Original Article

Can Ethanolic Leaf Extract of Olive or Black Mulberry Substitute Sodium Hypochlorite as a Root Canal Irrigant? An In Vitro Study

Radwa Osama Ibrahim, Rania Ahmed Salama, Abdelhady Mohamed Amin

Keywords : Endodontic irrigant, Enterococcus faecalis, Herbal extracts, Microbiology, Microhardness

Citation Information : Ibrahim RO, Salama RA, Amin AM. Can Ethanolic Leaf Extract of Olive or Black Mulberry Substitute Sodium Hypochlorite as a Root Canal Irrigant? An In Vitro Study. J Contemp Dent Pract 2021; 22 (10):1123-1129.

DOI: 10.5005/jp-journals-10024-3205

License: CC BY-NC 4.0

Published Online: 07-02-2022

Copyright Statement:  Copyright © 2021; The Author(s).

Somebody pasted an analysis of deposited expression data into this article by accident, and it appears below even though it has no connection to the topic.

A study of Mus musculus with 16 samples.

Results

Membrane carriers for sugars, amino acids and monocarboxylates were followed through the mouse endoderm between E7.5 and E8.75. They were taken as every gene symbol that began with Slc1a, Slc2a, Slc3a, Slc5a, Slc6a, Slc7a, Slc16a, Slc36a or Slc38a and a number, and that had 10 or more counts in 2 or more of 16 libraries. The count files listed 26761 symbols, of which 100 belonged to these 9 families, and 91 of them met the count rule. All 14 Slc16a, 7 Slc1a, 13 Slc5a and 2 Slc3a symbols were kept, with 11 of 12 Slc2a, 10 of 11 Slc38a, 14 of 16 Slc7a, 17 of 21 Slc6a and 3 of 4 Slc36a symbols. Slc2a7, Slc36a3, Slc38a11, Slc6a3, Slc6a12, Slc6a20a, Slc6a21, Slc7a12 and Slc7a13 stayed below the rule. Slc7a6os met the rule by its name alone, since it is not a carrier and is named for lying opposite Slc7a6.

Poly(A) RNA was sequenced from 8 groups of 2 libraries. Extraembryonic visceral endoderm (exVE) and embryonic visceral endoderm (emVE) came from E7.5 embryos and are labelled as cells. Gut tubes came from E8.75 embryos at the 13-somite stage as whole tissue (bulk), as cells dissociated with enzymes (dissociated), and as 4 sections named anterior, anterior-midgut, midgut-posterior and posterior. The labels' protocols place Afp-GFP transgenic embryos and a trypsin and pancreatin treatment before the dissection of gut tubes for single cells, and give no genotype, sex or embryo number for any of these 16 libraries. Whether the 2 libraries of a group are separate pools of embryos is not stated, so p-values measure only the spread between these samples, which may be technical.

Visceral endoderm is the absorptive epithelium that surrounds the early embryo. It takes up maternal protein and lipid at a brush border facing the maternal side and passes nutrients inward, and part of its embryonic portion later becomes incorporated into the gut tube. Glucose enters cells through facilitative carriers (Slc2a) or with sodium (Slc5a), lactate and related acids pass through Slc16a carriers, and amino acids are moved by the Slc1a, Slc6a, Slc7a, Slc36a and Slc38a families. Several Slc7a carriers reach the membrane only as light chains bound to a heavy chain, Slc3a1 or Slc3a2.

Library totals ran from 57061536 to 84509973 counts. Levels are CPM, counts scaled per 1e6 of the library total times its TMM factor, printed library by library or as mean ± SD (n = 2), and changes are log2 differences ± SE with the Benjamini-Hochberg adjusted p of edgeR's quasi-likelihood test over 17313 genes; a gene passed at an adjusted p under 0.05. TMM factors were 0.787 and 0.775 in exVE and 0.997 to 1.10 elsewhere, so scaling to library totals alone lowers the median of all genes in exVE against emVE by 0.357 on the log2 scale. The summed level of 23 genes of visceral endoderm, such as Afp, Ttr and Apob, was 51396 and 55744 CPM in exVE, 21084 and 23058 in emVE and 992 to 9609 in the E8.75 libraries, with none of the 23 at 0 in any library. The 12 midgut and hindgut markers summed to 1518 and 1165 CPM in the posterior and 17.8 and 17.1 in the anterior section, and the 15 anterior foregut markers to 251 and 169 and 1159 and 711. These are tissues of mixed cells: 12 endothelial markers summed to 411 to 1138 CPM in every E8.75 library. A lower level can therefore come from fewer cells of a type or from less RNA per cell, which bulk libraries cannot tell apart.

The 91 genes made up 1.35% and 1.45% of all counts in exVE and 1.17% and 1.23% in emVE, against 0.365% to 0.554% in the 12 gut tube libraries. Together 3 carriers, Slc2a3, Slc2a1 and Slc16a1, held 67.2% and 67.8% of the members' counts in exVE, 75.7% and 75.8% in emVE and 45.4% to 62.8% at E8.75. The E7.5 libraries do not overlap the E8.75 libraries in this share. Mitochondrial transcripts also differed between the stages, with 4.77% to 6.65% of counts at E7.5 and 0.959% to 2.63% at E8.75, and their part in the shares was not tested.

Aim: This study aimed to evaluate Olea europaea (olive) leaves and Morus nigra (black mulberry) leaves as potential natural alternatives to sodium hypochlorite (NaOCl) endodontic irrigant. Their antimicrobial activity against Enterococcus faecalis (E. faecalis) and their effects on both root dentin microhardness and push-out bond strength of resin sealer/root dentin were assessed. Methodology: Fifty-four extracted teeth were selected. Samples were grouped according to the irrigant used: group I (control): 2.5% NaOCl, group II: 8% ethanolic extract of Olea europaea, and group III: 2% ethanolic extract of Morus nigra. Antibacterial activity (n = 6) was evaluated after each canal was autoclaved, inoculated with E. faecalis, and incubated. Canals were sampled before and after chemicomechanical canal preparation with 2 mL of irrigant. The colony-forming units (CFUs) were counted at 1/10 and 1/100 broth concentrations. Vickers hardness number (VHN) of root dentin (n = 6) was measured before and after root canal preparation and irrigation. Push-out bond strength testing (n = 9) was carried out following preparation, irrigation, obturation, and thermocycling. Results were considered statistically significant at p ≤0.05. Results: Following irrigation, the CFUs of E. faecalis were significantly reduced with no significant difference in the CFU count between all groups at both broth concentrations. A significant reduction in root dentin microhardness resulted in all groups following irrigation, with Morus nigra resulting in the lowest percentage reduction (26.42 ± 1.12). The lowest significant mean push-out bond strength was revealed in the Olea europaea group (3.372 ± 1.513 MPa). Conclusion: The use of 2% mulberry (Morus nigra) leaf extract and 8% olive (Olea europaea) leaf extract as alternatives to NaOCl provides promising antimicrobial action against E. faecalis. Clinical significance: 2% Morus nigra extract may represent a promising natural endodontic irrigant.